Brazil's Marta has a long list of individual awards, but continues to pursue World Cup glory. Reuters

A great deal of attention has surrounded the U.S. Women’s National Team with the plethora of stars that include Abby Wambach, Alex Morgan, Megan Rapinoe and Hope Solo. But one foreign player has garnered more global attention due to her exceptional play over the past dozen years, and Americans who don’t know her name probably should by now.

Brazilian superstar Marta has been one of the game’s best players, and continue to be a dominant figure in women’s soccer. The 29-year-old has scored 91 goals in 91 appearances for the national team, and has performed brilliantly in club action. She has played for nine clubs, including three in the U.S. (Los Angeles Sol, FC Gold Pride and Western New York Flash), having scored a staggering 237 goals in 282 matches.

Yet, she may not be receiving the attention she deserves in the U.S., as she's overshadowed by more recognizable American players. used the caption: "Is Marta the greatest soccer player you've never heard of?"

Marta, whose full name is Marta Vieira da Silva, has won the FIFA World Player of the Year Award five times, from 2006-2010. That’s a feat that neither Lionel Messi nor Cristiano Ronaldo has ever accomplished, let alone the countless superstars who have come from Brazil in the past 30 years, like Zico, Socrates, Careca, Ronaldo, Roberto Carlos, Ronaldinho, Kaka and Neymar. When Marta hasn’t won the award, she has come in second or third place. She has been described as “Pele in a skirt.” Marta takes it as a compliment, but said she would be pleased if a male player was called “Marta with pants.”

But as she approaches her 30s, has her game slipped? Are we seeing the decline of a soccer legend? There might be a dip in overall play, but only because she was at such a high form in her prime years.

“It is obvious that I can’t run for 90 minutes with the same intensity as when I was 20 to 18 years old,” Marta told Grant Wahl of Sports Illustrated. “But I try to read the game situations a little better in order to bring in my rhythm, according to the opportunities that arise during the match. But my playing style is the same.”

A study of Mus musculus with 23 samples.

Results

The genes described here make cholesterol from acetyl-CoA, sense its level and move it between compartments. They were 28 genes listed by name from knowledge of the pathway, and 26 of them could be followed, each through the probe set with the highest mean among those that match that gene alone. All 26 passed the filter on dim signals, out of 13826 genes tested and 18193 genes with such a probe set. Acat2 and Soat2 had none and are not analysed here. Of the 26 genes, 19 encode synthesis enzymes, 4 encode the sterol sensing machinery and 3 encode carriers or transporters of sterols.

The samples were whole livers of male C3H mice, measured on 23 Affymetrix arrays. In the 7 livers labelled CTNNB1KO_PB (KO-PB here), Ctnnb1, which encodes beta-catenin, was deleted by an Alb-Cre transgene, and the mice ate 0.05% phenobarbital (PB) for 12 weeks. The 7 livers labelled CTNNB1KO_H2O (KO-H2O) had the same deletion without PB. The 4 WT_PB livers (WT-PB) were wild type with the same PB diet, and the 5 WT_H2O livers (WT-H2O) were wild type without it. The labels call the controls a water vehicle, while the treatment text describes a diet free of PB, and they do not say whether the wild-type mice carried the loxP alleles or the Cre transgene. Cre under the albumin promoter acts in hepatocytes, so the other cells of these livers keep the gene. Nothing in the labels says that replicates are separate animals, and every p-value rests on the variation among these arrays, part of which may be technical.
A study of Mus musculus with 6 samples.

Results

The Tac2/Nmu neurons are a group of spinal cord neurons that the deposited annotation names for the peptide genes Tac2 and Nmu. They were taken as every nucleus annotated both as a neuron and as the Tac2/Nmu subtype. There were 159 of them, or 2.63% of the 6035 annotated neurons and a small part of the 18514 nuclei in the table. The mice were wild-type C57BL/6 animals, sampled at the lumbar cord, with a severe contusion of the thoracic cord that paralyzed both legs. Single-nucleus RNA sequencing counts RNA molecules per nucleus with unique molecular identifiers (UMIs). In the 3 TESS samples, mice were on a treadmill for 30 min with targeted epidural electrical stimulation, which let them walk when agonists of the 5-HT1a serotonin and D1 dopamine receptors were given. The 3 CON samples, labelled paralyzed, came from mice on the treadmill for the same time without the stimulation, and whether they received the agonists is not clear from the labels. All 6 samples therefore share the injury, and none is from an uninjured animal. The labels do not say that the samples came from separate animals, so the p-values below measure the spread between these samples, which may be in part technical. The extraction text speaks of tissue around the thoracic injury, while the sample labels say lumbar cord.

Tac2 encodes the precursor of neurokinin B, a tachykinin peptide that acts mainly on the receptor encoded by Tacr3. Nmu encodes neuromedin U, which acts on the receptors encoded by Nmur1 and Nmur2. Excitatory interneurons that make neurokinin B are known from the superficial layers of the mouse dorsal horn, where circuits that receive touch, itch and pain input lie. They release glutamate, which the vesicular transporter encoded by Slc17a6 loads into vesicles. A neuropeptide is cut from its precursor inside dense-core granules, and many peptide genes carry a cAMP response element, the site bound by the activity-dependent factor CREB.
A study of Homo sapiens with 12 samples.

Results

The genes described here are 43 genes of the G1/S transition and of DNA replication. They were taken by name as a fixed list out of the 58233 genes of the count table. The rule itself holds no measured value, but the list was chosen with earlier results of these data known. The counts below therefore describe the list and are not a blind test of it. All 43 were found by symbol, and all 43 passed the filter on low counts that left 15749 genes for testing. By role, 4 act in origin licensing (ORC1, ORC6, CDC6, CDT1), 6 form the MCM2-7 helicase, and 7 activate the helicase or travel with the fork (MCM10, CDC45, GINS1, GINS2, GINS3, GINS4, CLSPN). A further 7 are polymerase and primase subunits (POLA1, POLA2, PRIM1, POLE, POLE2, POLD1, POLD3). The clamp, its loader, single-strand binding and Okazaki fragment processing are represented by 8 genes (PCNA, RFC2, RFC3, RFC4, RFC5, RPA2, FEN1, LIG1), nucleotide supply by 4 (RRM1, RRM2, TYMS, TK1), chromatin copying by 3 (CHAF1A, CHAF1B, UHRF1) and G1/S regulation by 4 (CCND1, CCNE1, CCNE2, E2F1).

In a December match against the U.S. in Brasilia, Marta read things just fine, and showed why she is still one of the best players in the world. She dribbled half the length of the field through several American players, and then delivered a stunning left-footed shot as part of a hat trick against one of the best teams in the world. It was another vintage play from the 5’4 forward from the small town of Dois Riachos.

But international team success has eluded Marta. Brazil have never won the Women’s World Cup and have failed to win a gold medal at the Olympics. (She does have two silvers.) Winning in Canada this summer would be excellent timing considering the disaster the men endured last summer in the World Cup semifinals as the host nation. Brazil is also suffering through a troubling economy, with indications that things may get worse, and a long-awaited soccer title for the women would provide a morale boost for a country with a climbing jobless rate.

“I don’t see it as extra pressure because I’m used to it,” she told “I’m very competitive and throughout my life the biggest pressure has been the one I place on myself."

This year, Brazil have a young, talented team with a FIFA ranking of No. 7 in the world, and Marta will be called upon to be more of a leader. In Brazil’s first match, she scored off a penalty kick in a 2-0 victory over South Korea. The goal, her 15th in a World Cup, made her the tournament's all-time leading scorer. Brazil take on Spain on Saturday, in a crucial group match before ending with Costa Rica. Marta may not be needed to provide most of the scoring in group matches, but should Brazil reach the knockout rounds, the squad will likely look to their shining star to help them get past the likes of Germany, U.S. and France.

There is also the question of retirement. Marta says she is going to continue playing as long as she plays at a “very competitive level.” She will be 33 when the next World Cup rolls around. Germany’s Brigit Prinz, who Marta supplanted as the world’s best player, retired after the 2011 World Cup at the age of 33 after failing to win her third consecutive World Cup. Before Prinz, it was Mia Hamm who was the world's best player, and the American superstar retired at age 32. In other words, Marta may be running out of time.

Should Marta fall short in Canada, there’s always next summer. Rio will host the 2016 Summer Olympics, and Marta may have a chance to bring glory to Brazil on their home soil.